The administration owes federal employees an immediate explanation of how and when the White House’s temporary tax deferral will affect their pay, according to a letter NTEU National President Tony Reardon sent last week to the Office of Management and Budget (OMB).
According to NTEU, under the program, federal employees who earn less than $104,000 a year will stop paying 6.2 percent of their salary toward Social Security for the remainder of 2020, but will be expected to repay those taxes in 2021, unless Congress passes a law to forgive the debt. Reardon said employees need to know how to repay the deferred taxes, whether by increased payroll withholdings next year or lump sum.
NTEU believes the the information to federal employees about the payroll tax deferral, as ordered by the president, has been “incomplete and conflicting.”
“They deserve to be fully educated on the impact the executive order will have on their paychecks and family budgets for months to come,” Reardon wrote in a letter to OMB Director Russell Vought.
For example, Reardon asked OMB to confirm whether the deferral has already begun for employees in the pay period that began Aug. 30, which means their paycheck on or near Sept. 18 will be affected.
“If that is accurate, federal employees deserve to be informed of that immediately,” Reardon wrote.
Below is the full text of NTEU’s letter sent to OMB:
September 2, 2020
The Honorable Russell Vought
Director Office of Management and Budget
725 17th Street, NW
Washington, D.C. 20503
Dear Director Vought,
As the federal government moves to implement for federal employees the August 8 presidential Executive Order deferring payment of Social Security taxes, there has been very little information available to those workers whose paychecks are being affected. On behalf of the employees I represent at 33 federal agencies, I have questions I hope you can quickly answer.
The Executive Order authorizes employers to defer the Social Security payroll tax from September 1, 2020, through the end of the year for employees who make less than $3,999 per biweekly pay period. For a federal employee who makes $70,000 a year—$2,693 per pay period—that will result in a $167 increase in their paychecks. It also means that the employee will need to pay back about $1,500 in 2021, absent legislation that forgives the debt, which seems unlikely.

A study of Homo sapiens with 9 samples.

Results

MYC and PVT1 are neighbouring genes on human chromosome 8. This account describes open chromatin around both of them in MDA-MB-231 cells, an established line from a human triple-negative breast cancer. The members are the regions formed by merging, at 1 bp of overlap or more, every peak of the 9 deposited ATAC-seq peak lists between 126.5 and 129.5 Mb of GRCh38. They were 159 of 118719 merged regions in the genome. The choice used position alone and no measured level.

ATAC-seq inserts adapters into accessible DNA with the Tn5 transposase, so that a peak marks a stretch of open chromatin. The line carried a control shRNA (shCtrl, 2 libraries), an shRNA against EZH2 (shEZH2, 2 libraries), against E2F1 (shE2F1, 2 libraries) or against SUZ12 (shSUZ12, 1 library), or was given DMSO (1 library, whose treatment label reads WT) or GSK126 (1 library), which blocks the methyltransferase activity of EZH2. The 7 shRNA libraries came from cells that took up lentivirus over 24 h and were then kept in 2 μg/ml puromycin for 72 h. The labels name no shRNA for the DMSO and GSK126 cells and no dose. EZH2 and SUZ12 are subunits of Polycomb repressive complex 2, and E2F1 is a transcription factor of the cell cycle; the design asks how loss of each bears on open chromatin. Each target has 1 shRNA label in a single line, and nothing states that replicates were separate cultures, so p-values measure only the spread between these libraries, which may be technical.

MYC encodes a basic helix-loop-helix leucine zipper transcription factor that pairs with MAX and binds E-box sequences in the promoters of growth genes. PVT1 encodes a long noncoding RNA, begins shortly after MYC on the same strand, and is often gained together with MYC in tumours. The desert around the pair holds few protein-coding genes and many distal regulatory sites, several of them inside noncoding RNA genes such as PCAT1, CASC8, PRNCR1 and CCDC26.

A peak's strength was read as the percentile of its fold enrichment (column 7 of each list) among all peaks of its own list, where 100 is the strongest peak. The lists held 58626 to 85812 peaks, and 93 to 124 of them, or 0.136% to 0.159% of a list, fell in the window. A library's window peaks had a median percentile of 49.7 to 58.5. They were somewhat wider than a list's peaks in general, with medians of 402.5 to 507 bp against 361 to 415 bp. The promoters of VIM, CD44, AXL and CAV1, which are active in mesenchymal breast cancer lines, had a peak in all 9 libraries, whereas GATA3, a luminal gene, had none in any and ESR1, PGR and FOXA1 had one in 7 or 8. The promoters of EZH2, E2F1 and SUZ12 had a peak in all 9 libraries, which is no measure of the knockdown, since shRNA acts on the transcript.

Can you confirm that wages federal employees are earning right now, in Pay Period 18, will not have Social Security taxes withheld? If that is accurate, federal employees deserve to be informed of that immediately. As the largest employer in the country, the federal government is failing in its responsibilities to its workforce by not adequately informing federal employees and explaining the implications and consequences of the payroll tax deferral.
There are additional questions that deserve immediate answers. Here are a few of them:
- Are there opportunities for any federal agency or federal employee to opt out of the deferral?
- How will the deferred taxes be paid back? Should employees be prepared to have extra taxes taken out of several paychecks in early 2021 or taken out in one lump sum? Will employees be able to choose how and over what period of time they can pay it back?
- Should an employee get a raise in early 2021, are the payroll processors prepared to make the 6.2 percent calculations on differing amounts (previous wage versus new wage)?
- What happens if a federal employee retires or leaves the federal service during either the deferral or during the window for repayment?
- What options are there for employees who may have trouble paying back the deferred taxes?
I encourage you to work with the Office of Personnel Management, the Internal Revenue Service and the heads of federal departments and agencies to provide answers to these questions to the federal employees who are subject to the deferral and will feel the consequences of paying these taxes back in 2021. They deserve to be fully educated on the impact the Executive Order will have on their paychecks, and family budgets, for months to come.
Anthony M. Reardon
NTEU represents about 150,000 employees at 33 federal agencies and departments.